Clackamas Water Environment Services awards $300,000 in RiverHealth Stewardship Grants to protect watersheds


The grants support various activities that restore habitat, manage invasive plant species, organize community volunteer events, provide watershed science education, and remove trash from waterways while enhancing water quality.

Funding for RiverHealth Stewardship Grants comes from surface water revenue.

The following organizations will receive a combined total of $300,000 in grant funds:

Bob's Red Mill Natural Foods: $29,833 – Will restore 4.56 acre Mill's End Wetland located just south of 3-Creeks, by controlling invasive species and planting natives, to improve habitat and water quality. The project mitigates runoff from impervious areas by filtering stormwater for treatment.

Clackamas River Basin Council: $30,000 – Will steward three existing and two new RiverHealth-funded Shade Our Streams project sites totaling 9.25 acres of restoration area and 1,805 feet of river/stream length. This project will also support educational workshops, pub talks, and outreach.

Columbia Land Trust/Bird Alliance of Oregon: $20,000 – The Backyard Habitat Certification Program turns residents into restoration and clean river volunteers by providing in-person and follow-up education, resources, and recognition for them to manage stormwater on their properties, plant native plants, remove invasive weeds, reduce or eliminate use of pesticides, and steward wildlife.

Friends of Trees: $30,000 – Will host two volunteer planting and stewardship events, two education days for students at Oregon Trail Elementary, and support North Clackamas Watershed Council with their community workshop series.

Happy Valley Heights Homeowners Association: $27,815 – Five homeowner associations and two private landowners have partnered to develop a large-scale plan to restore natural areas in Happy Valley and Milwaukie. These HOAs will collaborate on riparian treatments in keeping with the Watershed Action Plans for Mt. Scott Creek and the Clackamas River.

Johnson Creek Watershed Council: $27,890 – Will engage volunteers and partners in stewardship or educational activities in WES' district, including the Johnson Creek Clean-Up, Watershed Wide planting event at the Luther Road site, and Science in the Park.

National Wildlife Foundation: $10,695 – Will improve watershed health with educational opportunities including engaging youth in outdoor education, preparing educators to integrate environmental education across subjects, and improving youth’s ability to problem solve and think critically about environmental issues. National Wildlife Foundation will partner with the Oregon Department of Fish and Wildlife on the Fish Eggs to Fry program to achieve these goals.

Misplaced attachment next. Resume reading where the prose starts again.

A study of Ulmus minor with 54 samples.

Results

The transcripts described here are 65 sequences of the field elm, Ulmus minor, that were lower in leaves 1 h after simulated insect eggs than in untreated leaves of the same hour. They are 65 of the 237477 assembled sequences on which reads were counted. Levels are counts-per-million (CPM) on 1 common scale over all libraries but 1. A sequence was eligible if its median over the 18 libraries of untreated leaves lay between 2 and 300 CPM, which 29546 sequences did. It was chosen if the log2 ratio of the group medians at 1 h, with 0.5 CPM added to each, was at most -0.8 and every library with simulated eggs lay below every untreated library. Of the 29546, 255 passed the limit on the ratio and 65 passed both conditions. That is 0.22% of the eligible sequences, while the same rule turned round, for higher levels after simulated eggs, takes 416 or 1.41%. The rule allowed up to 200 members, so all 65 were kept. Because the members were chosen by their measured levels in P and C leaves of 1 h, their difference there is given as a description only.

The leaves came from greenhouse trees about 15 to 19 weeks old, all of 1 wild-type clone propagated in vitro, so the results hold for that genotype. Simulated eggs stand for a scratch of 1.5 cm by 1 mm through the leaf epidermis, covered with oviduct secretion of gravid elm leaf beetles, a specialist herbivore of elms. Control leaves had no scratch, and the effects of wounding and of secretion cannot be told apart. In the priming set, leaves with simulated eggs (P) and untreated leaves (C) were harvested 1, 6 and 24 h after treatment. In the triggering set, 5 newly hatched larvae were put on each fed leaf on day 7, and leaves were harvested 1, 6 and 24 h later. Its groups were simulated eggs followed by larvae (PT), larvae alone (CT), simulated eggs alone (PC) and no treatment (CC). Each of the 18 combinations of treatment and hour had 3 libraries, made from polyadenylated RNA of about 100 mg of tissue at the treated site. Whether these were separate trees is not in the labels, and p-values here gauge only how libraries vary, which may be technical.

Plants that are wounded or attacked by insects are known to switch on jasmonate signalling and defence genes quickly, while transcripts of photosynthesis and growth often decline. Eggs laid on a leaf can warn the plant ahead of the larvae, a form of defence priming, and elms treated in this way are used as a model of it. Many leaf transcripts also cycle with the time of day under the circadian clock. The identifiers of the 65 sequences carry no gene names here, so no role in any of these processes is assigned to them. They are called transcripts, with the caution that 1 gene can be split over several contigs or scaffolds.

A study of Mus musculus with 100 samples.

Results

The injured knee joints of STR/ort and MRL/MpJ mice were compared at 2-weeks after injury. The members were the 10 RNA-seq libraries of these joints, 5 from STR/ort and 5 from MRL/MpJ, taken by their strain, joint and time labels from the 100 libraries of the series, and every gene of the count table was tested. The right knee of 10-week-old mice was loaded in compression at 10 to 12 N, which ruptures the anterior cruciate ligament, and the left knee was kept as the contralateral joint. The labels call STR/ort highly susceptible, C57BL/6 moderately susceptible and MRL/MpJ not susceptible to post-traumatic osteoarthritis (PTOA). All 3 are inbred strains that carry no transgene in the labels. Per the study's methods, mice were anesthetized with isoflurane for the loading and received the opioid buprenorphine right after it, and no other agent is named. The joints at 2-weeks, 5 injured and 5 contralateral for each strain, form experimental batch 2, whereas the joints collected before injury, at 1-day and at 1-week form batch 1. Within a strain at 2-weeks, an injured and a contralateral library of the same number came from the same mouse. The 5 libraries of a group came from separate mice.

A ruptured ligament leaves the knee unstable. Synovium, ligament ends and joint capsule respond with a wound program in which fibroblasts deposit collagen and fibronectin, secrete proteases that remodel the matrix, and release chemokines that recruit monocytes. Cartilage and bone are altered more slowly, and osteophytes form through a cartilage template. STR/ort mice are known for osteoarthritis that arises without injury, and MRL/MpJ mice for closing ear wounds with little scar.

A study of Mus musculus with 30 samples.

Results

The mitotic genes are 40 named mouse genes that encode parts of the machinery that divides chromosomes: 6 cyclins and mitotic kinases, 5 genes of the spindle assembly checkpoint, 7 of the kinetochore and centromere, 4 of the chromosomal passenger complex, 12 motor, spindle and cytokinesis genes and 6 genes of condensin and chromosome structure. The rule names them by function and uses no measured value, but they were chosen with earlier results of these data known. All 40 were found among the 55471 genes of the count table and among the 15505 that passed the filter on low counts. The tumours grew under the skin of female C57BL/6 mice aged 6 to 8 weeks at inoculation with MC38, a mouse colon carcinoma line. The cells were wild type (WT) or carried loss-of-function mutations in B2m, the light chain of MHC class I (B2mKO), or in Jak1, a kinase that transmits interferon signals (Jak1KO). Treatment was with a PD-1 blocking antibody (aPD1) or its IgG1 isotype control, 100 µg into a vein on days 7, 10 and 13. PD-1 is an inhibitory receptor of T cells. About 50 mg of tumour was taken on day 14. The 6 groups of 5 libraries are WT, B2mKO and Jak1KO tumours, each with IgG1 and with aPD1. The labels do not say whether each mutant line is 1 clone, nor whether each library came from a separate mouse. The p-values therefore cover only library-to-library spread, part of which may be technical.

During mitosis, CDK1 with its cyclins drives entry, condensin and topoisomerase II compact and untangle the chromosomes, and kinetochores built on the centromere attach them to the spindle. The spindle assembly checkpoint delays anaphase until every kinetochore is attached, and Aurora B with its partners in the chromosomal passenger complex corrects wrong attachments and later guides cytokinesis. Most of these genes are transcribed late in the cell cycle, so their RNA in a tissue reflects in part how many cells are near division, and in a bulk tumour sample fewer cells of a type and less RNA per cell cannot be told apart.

North Clackamas Watersheds Council: $29,998 – Will expand riparian restoration in the Kellogg-Mt. Scott Watershed at Parmenter Ponds Target Area, identified based on temperature and salmonid use to be vital cold water refugia, and provide climate resilience that will become even more critical with the removal of Kellogg Dam in 2027-28. Will work to develop new sites on Dean Creek, also a cold-water refugia; expand resources for landowners to ensure they succeed at maintaining previously restored sites, setting the stage for expanded restoration in the watershed; and continue to engage community members in understanding and acting on their knowledge of watershed function in WES's district.

Northwest Youth Corps: $26,295 – Will complete four weeks of mulching, daylighting and watering recent native plantings; and hand removal of invasive species at four sites. Through activities with Friends of Trees, youth will earn money as they work to restore habitat, increase their understanding of nature through daily environmental lessons, and earn academic credit. Half of the proposed crews will consist of young women and non-binary individuals, including Girls Inc. participants; others will be recruited from a more general population, including low-income, BIPOC, and gender queer.

The Wetlands Conservancy: $29,664 – Will continue the progress of managing weeds and planting native vegetation in the Hearthwood Wetland for diverse habitat. Hire Native American crews from Wisdom of the Elders to mow and clear areas for native plant species to be planted by volunteers. Engage neighbors in Hearthwood Mobile Home Park by inviting them to volunteer and tour the wetlands.

Tualatin River Watershed Council: $27,810 – Will conduct streamside enhancements with eight riparian landowners on four tributaries: Fields, Wilson, Saum, and Rock Creeks.  Will add new work in Saum Creek, as well as adding a new landowner on Wilson Creek, and work in new riparian areas with the existing landowners.

World Salmon Council: $10,000 – Will provide environmental education that combines classroom and online curriculum, field learning, and community service, incorporating innovative learning activities designed to enhance students' critical thinking and problem-solving skills. Program enables students to explore their natural heritage and develop a sense of stewardship and future career exploration through learning about watershed health and the lifecycle and habitat needs of Northwest salmon.